Pigeon has to be my favourite meat hands down, for a while beef and lamb where up there, but the free-rangeness of the wood pigeon and the fact it is wild is a comforting thought indeed. I’ve never bothered so much with chicken- it’s a tasteless bird on the whole and after HFW’s big chicken out campaign I thought rather than fork out an extortionate amount for blandness, I stopped buying it all together, same with fish unless I catch them myself. Too much fuss and politics to inflict on the palate methinks.
Pigeon are wily buggers indeed and taking them down can be frustrating. A couple of key features in the pigeon’s survival kit is unbelievably quick flight (50mph-80mph) and, more importantly, seriously good eyesight with the ability to clock an Englishman peeing in the woods a mile away.
The only real success I have had with them, in terms of sheer numbers is from decoying, but they have succumbed in some odd ways over the years: A shot with an air rifle whilst relaxing in a hammock chair on the Tree house balcony (easy supper), once whilst paddling down a river in a coracle they dropped from the sky into the boat (nearby decoyers) and lastly but by no means leastly- taking a bush pee in a hedgerow, 12-bore under arm and taking a unobservant passer by down, tackle out (bird must have been blind- Jammy beyond belief).
Being a fine, lean red meat, pigeon seemed perfect for Carpaccio so I decided to do some playing around in the kitchen. Carpaccio is actually rather a recent taste sensation and as we know it, has only been with us since the 1950’s: Ever since Countess Amalia Nani Mocenigo walked into Harry’s Bar in Venice (also the home of the Bellini) and informed the propreiter that her doctor had recommended she only eat raw meat. The dish that Giuseppe Cipriani, the then owner produced, was so named because the colours of the food reminded him of the paintings by the Venetian painter Vittore Carpaccio. Bang, bosh, shebing.
The portable HQ- always busy morning, noon and night with taster dishes.
Last weekend I took Hunter:Gather:Cook on the road to Wilderness Gathering with my trusty companion Ash (he has a fine blog on outdoor cooking escapades-check out here) to cook up plenty of wild fodder for bushcraft enthusiasts aplenty. We also took along a roe buck and a dozen pigeons and rabbits to play with over the three days. Pit Roast venison, cold smoked venison, puffball and rabbit pie, wild salads, panfried saddle of rabbit wrapped in parma ham with sage & mustard, beetroot borscht with horseradish cream were just a few of the dishes we knocked together to showcase what HGC is all about (Ash even manged to collaborate on a cake baked in his dutch oven and won 1st prize in the cake comp!).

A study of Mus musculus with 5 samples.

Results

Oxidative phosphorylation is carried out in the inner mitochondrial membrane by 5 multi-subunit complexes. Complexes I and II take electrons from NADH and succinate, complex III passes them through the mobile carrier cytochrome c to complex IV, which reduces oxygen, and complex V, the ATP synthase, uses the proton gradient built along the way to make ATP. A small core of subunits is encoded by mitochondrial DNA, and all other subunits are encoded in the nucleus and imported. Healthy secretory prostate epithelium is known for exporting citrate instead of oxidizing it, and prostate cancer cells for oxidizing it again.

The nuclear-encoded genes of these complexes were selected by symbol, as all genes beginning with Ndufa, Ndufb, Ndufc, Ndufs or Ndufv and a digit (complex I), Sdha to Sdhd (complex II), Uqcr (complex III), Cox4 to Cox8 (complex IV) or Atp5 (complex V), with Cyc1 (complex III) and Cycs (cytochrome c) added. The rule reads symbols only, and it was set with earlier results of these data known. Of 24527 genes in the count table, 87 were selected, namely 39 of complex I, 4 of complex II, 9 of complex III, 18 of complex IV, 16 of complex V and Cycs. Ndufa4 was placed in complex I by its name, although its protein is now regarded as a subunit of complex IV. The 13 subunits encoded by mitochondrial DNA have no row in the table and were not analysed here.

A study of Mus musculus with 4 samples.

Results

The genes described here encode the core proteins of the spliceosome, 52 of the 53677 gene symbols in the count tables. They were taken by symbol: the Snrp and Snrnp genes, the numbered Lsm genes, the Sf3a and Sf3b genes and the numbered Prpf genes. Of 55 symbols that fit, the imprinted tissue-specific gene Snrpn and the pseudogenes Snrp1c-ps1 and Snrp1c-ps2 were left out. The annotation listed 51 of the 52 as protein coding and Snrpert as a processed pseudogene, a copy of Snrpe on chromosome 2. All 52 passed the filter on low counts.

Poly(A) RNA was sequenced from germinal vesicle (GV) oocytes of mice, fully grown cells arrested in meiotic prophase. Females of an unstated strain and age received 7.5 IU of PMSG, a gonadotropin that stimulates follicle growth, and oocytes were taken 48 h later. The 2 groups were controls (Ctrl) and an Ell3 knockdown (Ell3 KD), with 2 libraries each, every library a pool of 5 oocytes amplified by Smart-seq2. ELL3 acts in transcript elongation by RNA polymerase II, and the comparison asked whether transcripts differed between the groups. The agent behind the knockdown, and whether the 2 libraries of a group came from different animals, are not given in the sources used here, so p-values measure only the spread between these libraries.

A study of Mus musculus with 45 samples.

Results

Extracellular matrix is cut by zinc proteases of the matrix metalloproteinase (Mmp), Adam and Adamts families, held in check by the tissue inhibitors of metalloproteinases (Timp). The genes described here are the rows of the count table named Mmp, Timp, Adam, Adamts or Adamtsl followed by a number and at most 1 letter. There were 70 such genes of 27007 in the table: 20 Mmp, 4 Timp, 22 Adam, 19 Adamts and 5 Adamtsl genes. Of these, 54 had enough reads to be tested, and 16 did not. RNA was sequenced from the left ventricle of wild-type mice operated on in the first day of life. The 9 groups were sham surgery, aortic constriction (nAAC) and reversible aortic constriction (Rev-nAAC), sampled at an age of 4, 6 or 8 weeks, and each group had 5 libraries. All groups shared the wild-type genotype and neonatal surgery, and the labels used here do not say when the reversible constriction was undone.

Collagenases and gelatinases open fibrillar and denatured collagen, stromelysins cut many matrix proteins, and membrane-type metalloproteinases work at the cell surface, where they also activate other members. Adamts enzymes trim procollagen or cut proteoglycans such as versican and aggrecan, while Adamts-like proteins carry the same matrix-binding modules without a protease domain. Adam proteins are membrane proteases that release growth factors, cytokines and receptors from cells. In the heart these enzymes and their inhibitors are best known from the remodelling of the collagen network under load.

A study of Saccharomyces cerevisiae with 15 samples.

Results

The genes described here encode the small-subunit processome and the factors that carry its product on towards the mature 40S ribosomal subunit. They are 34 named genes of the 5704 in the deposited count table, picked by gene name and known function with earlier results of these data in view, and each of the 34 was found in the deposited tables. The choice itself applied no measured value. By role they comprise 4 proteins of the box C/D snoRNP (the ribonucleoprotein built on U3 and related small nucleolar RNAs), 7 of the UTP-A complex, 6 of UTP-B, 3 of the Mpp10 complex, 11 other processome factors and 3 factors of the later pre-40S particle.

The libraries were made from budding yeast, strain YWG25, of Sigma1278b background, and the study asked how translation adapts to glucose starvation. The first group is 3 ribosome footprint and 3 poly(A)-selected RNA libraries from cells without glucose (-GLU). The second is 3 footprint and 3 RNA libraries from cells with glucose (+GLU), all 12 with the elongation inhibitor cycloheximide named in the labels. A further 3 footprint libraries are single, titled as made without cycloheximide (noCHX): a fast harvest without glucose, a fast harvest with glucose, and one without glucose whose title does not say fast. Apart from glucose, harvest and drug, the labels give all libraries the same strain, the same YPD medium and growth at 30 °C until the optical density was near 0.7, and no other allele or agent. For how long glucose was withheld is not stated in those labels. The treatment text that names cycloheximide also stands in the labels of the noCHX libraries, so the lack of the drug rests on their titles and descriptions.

A wonderful festival and we met some great folks- definitely keen for next year. This recipe is a revised version of the improvised one I knocked together for our ‘small game preparation and cooking’ workshop. The feedback was excellent, but not as good as our ‘Wild Brewing’ workshop which included plenty of samples!
This recipe does require a bit of preparation- at least 12 hours in a marinade, but 24 if possible. Alternatively, if you wish to do it immediately, you can smoke the pigeon over smouldering oak or sawdust for an hour to give it a bit of a smoky flavour.
Wild ingredients are, as ever, a great addition to this recipe and there are some perfect matches in the hedgerows at the moment which coincide nicely with the amount of pigeon decoying going on across the country- farmer’s crops need protecting, so if you cant go out and shoot them yourself, most good Game dealers should have plenty in stock.
Wild Horseradish growing near Black Cap on the South Downs.
The two wild additions for the Carpaccio are Horseradish (both young leaves and the fiery root) wood sorrel (for sharpness) and elderberries. A word on these- The young leaves of horseradish have a nice pepperiness to them and a slight bitterness which make a good substitute for rocket. Elderberries do contain minute traces of cyanide, which is broken down by cooking, although a small handful of raw berries is harmless.
For the marinade:
- 6 pigeon breasts
- 150ml olive oil
- 50ml cider vinegar
- 2 cloves of garlic (roughly chopped)
- 1 carrot (roughly chopped)
- 1 stick of celery (roughly chopped)
- 1 small red onion (roughly chopped)
- Black pepper (good twist)
- 1tsp Salt
- 2 sprigs of rosemary
- 4 bay leaves
Mix together in a bowl, cover and refrigerate overnight. Put the breasts in the freezer for 1 hour before cutting wafer thin.
- 1/2 horseradish root (grated)
- Handful of young horseradish leaves
- 1 cluster of elderberries
- Parmesan shavings
- Wood sorrel
- Gherkins (chopped
- Olive oil
- Squeeze of lemon
- Salt & pepper
Arrange all ingredients on a large plate, season to taste and serve with fine red wine and crusty bread.